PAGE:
Baseball has changed the transfer rule back again, reports Ken Rosenthal of Fox Sports, and not a moment too soon.
One of the oddest rules changes baseball has made in recent years was this past offseason's emphasis on "clean" transfers. In the past, a ball that was cleanly secured in the glove, whether in the infield or the outfield, was an out. If the player subsequently juggled the ball in moving it from his glove hand to his throwing hand, that in no way changed the fact that he had caught the ball in the first place. For reasons best known only to Bud Selig's toupee and his magic parrot-head umbrella, along with implementing instant replay this offseason, Major League Baseball changed the way the transfer play had been called since approximately the Civil War.
It worked out very badly. Throughout the early going this season, batters have been called safe on plays in which they were clearly out simply because the ball squirted out of the fielder's hands at some point after the fact:
This was as much a travesty as the old rule that said that a ball which left the park fair but landed foul was not a home run, the selective application of which cost Babe Ruth a few homers from his career totals and once inspired Ty Cobb to a nigh-homicidal (and justifiable) attack on an umpire late in his career. In 2014, for the first time in the history of the game, a clean catch was not necessarily an out.
According to Rosenthal, this will now no longer be the case:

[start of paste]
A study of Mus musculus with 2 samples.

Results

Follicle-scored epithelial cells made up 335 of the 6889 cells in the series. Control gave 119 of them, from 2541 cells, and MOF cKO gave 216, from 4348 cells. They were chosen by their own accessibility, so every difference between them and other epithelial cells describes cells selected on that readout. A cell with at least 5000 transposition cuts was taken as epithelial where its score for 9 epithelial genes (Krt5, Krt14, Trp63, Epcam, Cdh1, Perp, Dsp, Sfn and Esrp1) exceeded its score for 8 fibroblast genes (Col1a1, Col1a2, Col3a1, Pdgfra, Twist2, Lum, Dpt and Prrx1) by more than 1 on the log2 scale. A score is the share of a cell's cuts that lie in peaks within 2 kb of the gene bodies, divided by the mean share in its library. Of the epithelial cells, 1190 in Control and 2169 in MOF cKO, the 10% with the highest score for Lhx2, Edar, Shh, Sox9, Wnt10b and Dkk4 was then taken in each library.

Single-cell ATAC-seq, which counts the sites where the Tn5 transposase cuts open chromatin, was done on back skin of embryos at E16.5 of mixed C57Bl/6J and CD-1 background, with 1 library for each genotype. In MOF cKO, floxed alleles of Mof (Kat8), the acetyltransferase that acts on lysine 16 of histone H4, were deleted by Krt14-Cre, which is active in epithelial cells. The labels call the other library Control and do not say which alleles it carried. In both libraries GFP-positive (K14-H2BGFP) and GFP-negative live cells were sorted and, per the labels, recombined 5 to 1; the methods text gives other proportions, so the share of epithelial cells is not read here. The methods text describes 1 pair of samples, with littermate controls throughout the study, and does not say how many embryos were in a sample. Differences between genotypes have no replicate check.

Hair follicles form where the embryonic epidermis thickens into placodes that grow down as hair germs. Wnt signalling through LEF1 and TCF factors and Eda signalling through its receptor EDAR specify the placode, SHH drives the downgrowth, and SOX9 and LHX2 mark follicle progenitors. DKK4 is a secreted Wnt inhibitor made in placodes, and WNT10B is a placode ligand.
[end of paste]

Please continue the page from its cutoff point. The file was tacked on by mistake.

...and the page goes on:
A catch, forceout or tag will be considered legal if a fielder has control of the ball in his glove, but drops the ball after opening his glove to transfer the ball to his throwing hard, sources said. No longer will the fielder be required to successfully get the ball into his throwing hand.
Well, hallelujah. Baseball, an institution in some ways more conservative than the GOP, acted quickly to fix an obvious problem. Actually, there is some small precedent for this. From time to time, Baseball has become obsessed with the balk rule, probably because no one really understands it. In the 1971-1972 offseason, the Rules Committee decided to enforce a full one-second stop on pitchers' deliveries, something that resulted in a huge uptick in the number of balks that April. In 1970, a total of 128 balks were called in the majors; in 1971 the total dropped to 97, or .025 per nine innings. That April, the rate doubled to .05 per nine innings under the new rule, and the rule was dropped.
Because a basic rule of the universe is that no one ever learns anything, Baseball tried it again for 1988. In 1987 there were 356 balks. In 1988 there were 924. A's pitcher Dave Stewart had a particularly difficult time adjusting to the rule and set a single-season record with 16, even though the rule was aborted not long into the season. If you look at his career statistics, you'll see that his career total was 23 and he never had more than three in any other season. In 1989, major league balks were down to 407.
So, Major League Baseball can act without a cattle prod from time to time, when it's crushingly obvious that it must do so. Intriguingly, the Oakland A's playing in sewage up to their knees apparently does not qualify as "crushingly obvious," and there are probably a dozen other issues that should rise to that level if you really think about it, but for today, Baseball gets a pat on the head and a cookie -- and it doesn't even have to worry about what happens when it moves the cookie out of its glove hand.